Compare, distinguish and explain what is the difference between Transverse and Longitudinal Waves. Comparison and Differences.

All waves don’t have the same effect on a medium. The energy in heat waves and sound waves produces two different types of waves, called transverse waves and longitudinal waves. You can identify the type of wave passing through a medium by the way the medium is disturbed.

Transverse Wave: Transverse waves are waves where the direction of vibrations is at 90┬░ to the direction in which the wave travels. A wave whose particles oscillate perpendicular to the direction that the wave travels. The wave is moving left to right, while the disturbance moves up and down. The disturbance moves perpendicular to the direction of the wave. Transverse waves create light.

Longitudinal Wave: Longitudinal waves are waves where the vibrations of the particles are along the direction in which the wave travels. A wave whose particles oscillate in the same direction as the wave travels.

Difference between Transverse and Longitudinal Waves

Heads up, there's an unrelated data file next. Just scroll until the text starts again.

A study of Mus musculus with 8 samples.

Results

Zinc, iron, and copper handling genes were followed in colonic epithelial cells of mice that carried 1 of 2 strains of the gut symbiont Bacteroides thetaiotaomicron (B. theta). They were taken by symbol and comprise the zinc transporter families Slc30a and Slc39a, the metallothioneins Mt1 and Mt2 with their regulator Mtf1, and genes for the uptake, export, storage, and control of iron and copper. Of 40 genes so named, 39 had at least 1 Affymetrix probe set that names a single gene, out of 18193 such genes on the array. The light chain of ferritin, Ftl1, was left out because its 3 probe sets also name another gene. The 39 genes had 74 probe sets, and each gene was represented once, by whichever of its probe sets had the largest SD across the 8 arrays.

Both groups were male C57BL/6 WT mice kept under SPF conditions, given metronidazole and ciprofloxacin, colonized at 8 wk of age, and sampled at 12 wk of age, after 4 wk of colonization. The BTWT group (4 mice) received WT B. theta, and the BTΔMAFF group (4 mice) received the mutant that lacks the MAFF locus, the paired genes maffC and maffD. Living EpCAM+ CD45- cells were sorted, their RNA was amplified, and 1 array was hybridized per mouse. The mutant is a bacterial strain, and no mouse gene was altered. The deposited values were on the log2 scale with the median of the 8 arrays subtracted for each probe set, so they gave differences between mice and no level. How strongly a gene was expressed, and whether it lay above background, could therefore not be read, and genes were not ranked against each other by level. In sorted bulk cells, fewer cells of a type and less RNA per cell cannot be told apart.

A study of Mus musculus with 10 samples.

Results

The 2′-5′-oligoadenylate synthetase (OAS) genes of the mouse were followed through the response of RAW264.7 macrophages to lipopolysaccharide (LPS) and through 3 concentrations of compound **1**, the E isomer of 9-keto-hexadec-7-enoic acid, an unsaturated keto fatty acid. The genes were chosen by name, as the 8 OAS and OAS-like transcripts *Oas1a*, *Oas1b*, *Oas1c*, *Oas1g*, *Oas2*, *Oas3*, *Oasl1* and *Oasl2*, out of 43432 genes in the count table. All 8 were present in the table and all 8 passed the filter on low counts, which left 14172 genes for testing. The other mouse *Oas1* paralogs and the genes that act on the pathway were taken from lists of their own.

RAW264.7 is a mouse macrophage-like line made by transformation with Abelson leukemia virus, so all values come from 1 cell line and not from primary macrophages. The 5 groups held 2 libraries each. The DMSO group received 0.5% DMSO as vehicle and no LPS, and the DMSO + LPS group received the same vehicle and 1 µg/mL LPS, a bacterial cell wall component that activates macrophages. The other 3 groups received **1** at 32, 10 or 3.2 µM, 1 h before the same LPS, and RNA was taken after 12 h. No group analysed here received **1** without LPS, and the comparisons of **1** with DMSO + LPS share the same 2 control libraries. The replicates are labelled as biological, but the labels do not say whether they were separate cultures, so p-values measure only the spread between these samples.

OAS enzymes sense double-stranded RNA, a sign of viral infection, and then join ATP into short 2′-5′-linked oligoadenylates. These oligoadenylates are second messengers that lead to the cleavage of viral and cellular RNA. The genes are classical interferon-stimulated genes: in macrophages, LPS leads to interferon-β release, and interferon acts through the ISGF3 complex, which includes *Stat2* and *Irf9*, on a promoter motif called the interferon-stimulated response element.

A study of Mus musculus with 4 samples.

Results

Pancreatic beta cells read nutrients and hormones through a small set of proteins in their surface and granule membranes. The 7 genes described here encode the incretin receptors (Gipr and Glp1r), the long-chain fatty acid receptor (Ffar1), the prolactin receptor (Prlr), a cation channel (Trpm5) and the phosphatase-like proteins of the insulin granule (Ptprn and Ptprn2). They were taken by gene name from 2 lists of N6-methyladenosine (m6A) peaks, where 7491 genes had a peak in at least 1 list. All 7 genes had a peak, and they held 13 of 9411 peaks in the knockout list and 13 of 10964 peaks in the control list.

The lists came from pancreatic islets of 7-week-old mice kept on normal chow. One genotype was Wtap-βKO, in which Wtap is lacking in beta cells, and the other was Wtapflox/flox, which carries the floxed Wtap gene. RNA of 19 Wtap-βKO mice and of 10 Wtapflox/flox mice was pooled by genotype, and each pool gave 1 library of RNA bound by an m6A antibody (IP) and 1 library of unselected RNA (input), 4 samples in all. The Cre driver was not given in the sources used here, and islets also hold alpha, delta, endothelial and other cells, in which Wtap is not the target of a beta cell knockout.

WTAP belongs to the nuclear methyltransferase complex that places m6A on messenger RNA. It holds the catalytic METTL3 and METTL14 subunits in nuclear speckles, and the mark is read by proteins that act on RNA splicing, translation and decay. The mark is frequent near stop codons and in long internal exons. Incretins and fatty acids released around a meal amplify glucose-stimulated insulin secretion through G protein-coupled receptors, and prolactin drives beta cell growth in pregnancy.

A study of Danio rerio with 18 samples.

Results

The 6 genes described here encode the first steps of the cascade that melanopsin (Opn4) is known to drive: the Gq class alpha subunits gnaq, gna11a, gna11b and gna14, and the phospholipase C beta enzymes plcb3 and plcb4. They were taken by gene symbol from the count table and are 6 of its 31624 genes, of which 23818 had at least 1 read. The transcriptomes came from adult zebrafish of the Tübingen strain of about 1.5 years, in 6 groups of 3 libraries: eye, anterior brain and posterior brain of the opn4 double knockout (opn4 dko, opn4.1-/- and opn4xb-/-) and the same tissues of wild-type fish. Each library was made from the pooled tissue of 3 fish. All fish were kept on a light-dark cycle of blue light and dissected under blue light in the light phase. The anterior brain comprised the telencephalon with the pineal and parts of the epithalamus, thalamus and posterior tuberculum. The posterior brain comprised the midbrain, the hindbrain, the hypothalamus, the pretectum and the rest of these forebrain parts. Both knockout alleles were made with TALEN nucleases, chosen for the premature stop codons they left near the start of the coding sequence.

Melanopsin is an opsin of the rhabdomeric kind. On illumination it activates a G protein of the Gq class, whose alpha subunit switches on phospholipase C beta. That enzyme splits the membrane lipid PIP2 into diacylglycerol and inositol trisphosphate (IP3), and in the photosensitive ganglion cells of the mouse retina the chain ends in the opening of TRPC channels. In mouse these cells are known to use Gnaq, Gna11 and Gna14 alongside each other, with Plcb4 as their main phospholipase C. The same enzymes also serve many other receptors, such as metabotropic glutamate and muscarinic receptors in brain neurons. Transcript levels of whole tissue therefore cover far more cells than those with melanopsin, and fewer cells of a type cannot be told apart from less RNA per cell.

1. In the transverse wave, particles in the medium vibrate in directions perpendicular to the directions of travel of the wave. In the longitudinal wave, particles in the medium vibrate in directions parallel to the directions of travel of the wave. The amplitude of a transverse wave is the vertical distance between the line of origin and each crest or trough.

2. Crest and trough are formed in the medium in the transverse wave. Compression and rarefaction occur in the medium in the longitudinal wave.

3. Transverse waves produce light. Longitudinal waves produce sound. Check: Sound Wave vs. Light Wave

4. Example of Transverse Wave: Water waves. Example of Longitudinal Wave: Sound waves, ultrasound waves.

5. When a transverse wave passes through a medium, it looks like a moving snake. When a longitudinal wave passes through a medium, it looks more like a traveling earthworm.

6. On a transverse wave, wavelength is the distance between two consecutive crests, or two consecutive troughs.
The wavelength of a longitudinal wave is the distance between two consecutive compressions, or two consecutive rarefactions.